Another day, another retail giant is closing their stores. As of early April 2019, over 5,900 store closures in the United States were announced according to Coresight Research. 2018 saw over 5,500 closures with 2017 setting the record with 8,139 closures. Debate abounds on what brought down the once popular shopping mall. The internet and ecommerce? Millennial buying habits? The resurgence of downtown living and re-urbanization? While others focus on the why, I’m left wondering about what’s next for the rising amount of shuttered real estate. Should malls actively seek new tenants, get a face lift, or be demolished?
As a site selector working throughout North America, I tend to be an optimist and choose to see opportunities versus challenges. Abandoned assets, if positioned correctly, can be transformed from a community liability to a regional asset and differentiator. An asset that can often attract investment, creative design, and new amenities. Not to mention new employers and a workforce that is drawn to a cohesive environment with community connections. It is therefore incumbent upon communities and regions to understand the vacated asset’s potential and embrace a proactive approach for resurgence.
Part of the opportunity lies in how malls often occupy large land parcels under single ownership. The value of these sites has often increased dramatically from original acquisition and much of the land is generally underutilized parking lots. In the best market conditions, these “land banks” provide valuable opportunities to spur land development. It can add needed land use and development but often lacking in suburban and some urban communities.
The implementation of such redevelopments can range widely. It can be as simple as sprucing up facades and interiors to provide new tenants, or a complete fresh start with new buildings and streetscapes. Uses can diversify into new connections to area neighborhoods with transportation options. Solutions will differ from one mall to the next due to what a community wants and needs.
To see how these opportunities play out in the real world, here are a few successful redevelopments stories happening nationwide and in the Hoosier state.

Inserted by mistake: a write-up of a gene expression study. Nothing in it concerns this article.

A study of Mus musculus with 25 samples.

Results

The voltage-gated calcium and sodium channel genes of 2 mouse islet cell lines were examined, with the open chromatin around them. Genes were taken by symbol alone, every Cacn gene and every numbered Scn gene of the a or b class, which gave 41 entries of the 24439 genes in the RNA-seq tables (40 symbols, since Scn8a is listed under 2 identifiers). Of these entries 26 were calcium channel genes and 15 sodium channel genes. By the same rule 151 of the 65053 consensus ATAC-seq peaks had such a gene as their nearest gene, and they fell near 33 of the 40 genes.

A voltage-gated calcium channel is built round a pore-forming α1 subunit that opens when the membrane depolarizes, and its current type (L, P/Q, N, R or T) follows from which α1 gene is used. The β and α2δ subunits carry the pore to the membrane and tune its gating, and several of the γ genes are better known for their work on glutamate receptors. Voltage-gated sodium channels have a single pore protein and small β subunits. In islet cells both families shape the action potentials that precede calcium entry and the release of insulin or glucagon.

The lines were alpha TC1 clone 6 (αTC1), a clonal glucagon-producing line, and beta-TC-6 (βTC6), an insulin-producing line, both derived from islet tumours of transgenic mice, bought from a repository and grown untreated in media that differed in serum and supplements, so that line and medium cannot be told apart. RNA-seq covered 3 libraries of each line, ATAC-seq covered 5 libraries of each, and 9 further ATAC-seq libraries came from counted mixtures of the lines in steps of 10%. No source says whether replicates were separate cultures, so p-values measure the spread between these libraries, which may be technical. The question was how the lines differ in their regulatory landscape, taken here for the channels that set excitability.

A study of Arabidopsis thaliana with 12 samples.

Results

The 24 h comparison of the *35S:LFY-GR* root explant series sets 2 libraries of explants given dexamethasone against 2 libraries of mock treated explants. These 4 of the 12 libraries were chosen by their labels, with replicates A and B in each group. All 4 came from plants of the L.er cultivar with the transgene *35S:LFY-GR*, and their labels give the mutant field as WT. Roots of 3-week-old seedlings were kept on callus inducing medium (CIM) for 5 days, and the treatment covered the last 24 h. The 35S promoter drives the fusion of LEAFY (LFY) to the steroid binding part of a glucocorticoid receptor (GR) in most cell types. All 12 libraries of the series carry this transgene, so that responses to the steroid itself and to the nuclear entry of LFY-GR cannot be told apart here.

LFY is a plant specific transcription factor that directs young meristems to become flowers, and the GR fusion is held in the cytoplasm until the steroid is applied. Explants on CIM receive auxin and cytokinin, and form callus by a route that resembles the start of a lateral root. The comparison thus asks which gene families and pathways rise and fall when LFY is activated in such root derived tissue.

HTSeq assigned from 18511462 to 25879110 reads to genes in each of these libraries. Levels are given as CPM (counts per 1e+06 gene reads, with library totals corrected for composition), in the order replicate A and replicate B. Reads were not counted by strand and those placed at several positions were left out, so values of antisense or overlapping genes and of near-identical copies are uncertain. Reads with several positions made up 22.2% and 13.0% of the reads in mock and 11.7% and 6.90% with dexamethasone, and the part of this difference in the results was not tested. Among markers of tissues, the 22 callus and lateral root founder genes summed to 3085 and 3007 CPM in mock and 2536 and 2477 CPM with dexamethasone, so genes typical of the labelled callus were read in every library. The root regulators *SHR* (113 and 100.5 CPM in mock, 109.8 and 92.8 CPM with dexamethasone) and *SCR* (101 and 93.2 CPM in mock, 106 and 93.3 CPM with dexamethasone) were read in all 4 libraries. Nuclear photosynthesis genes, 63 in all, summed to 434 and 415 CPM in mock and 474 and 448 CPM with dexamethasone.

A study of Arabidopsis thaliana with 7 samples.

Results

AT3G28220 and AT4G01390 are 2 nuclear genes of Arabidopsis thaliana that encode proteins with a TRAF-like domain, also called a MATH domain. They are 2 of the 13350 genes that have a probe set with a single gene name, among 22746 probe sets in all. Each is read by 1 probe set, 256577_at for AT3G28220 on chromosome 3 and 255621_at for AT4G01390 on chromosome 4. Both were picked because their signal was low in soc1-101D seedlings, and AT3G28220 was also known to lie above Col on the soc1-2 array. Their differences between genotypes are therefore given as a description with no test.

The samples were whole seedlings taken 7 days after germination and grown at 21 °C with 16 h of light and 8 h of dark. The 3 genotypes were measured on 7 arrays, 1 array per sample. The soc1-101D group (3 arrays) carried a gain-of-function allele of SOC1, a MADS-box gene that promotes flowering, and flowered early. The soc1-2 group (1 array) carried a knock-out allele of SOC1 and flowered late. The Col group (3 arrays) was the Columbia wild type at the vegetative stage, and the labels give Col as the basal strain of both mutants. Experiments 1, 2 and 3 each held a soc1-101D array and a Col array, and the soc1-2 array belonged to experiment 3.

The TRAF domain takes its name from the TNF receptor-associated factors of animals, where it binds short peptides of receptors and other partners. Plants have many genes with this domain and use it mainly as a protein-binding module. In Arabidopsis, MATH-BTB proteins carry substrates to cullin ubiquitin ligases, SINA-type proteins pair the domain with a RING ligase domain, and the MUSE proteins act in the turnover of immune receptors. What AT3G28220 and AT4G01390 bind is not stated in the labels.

In Providence, Rhode Island, America’s first indoor shopping mall and national Historic landmark was redeveloped after closing in 2008. As of 2016, the Arcade Providence now features 48 micro-apartments on its top two floors with 17 micro retail spaces on the first.
In Indiana, the Hammond Sportsplex and Recreation Center opened in 2018, formally home to the Woodmar shopping center which closed in 2006. The 135,000 square foot, $18M facility has 6 basketball courts that can be converted into 10 volleyball courts along with 2 regulation-sized soccer fields that can double as an indoor baseball field. It also features indoor batting cages, concession area, observation area for event attendees, an elevated walking track, and community event space. It’s a remarkable example of a retail redevelopment project that expanded the vision to bring in local, regional and national events to the community.
In Columbus, Indiana, the community partnered with Columbus Regional Hospital and the Heritage Fund/Community Foundation of Bartholomew County to acquire a 30-year-old shopping mall located on 35 acres for $5.9 million. Redevelopment plans include converting the sprawling space into a community recreational and sports tourism complex.
Other communities in Indiana are also getting ahead of the retail shift issue and working to develop and deploy economic development tools to spur redevelopment activity. Particularly in areas that show signs of potential but could use some momentum. The City of Lawrence has done a great job of revitalizing older retail corridors and the former Fort Benjamin Harrison.
Many communities, regions, and states are effectively using creative Economic Development tools as a way to transition from the retail world of yesterday to the needs of today. These include the creation of redevelopment areas, tax increment financing districts, urban renewal corridors, property tax abatement districts, Brownfield redevelopment programs, and more.
In our daily work, we regularly engage with clients that are actively looking for obsolete assets that can be repositioned. In particular, assets that are well supported through creative funding mechanisms that result in a win for everyone involved, especially community residents and businesses.
So, the next time you hear of a retail space closing, be grateful for the memories of what was and look forward to what bright opportunities may lie ahead.
Leslie Wagner is senior principal for Ginovus.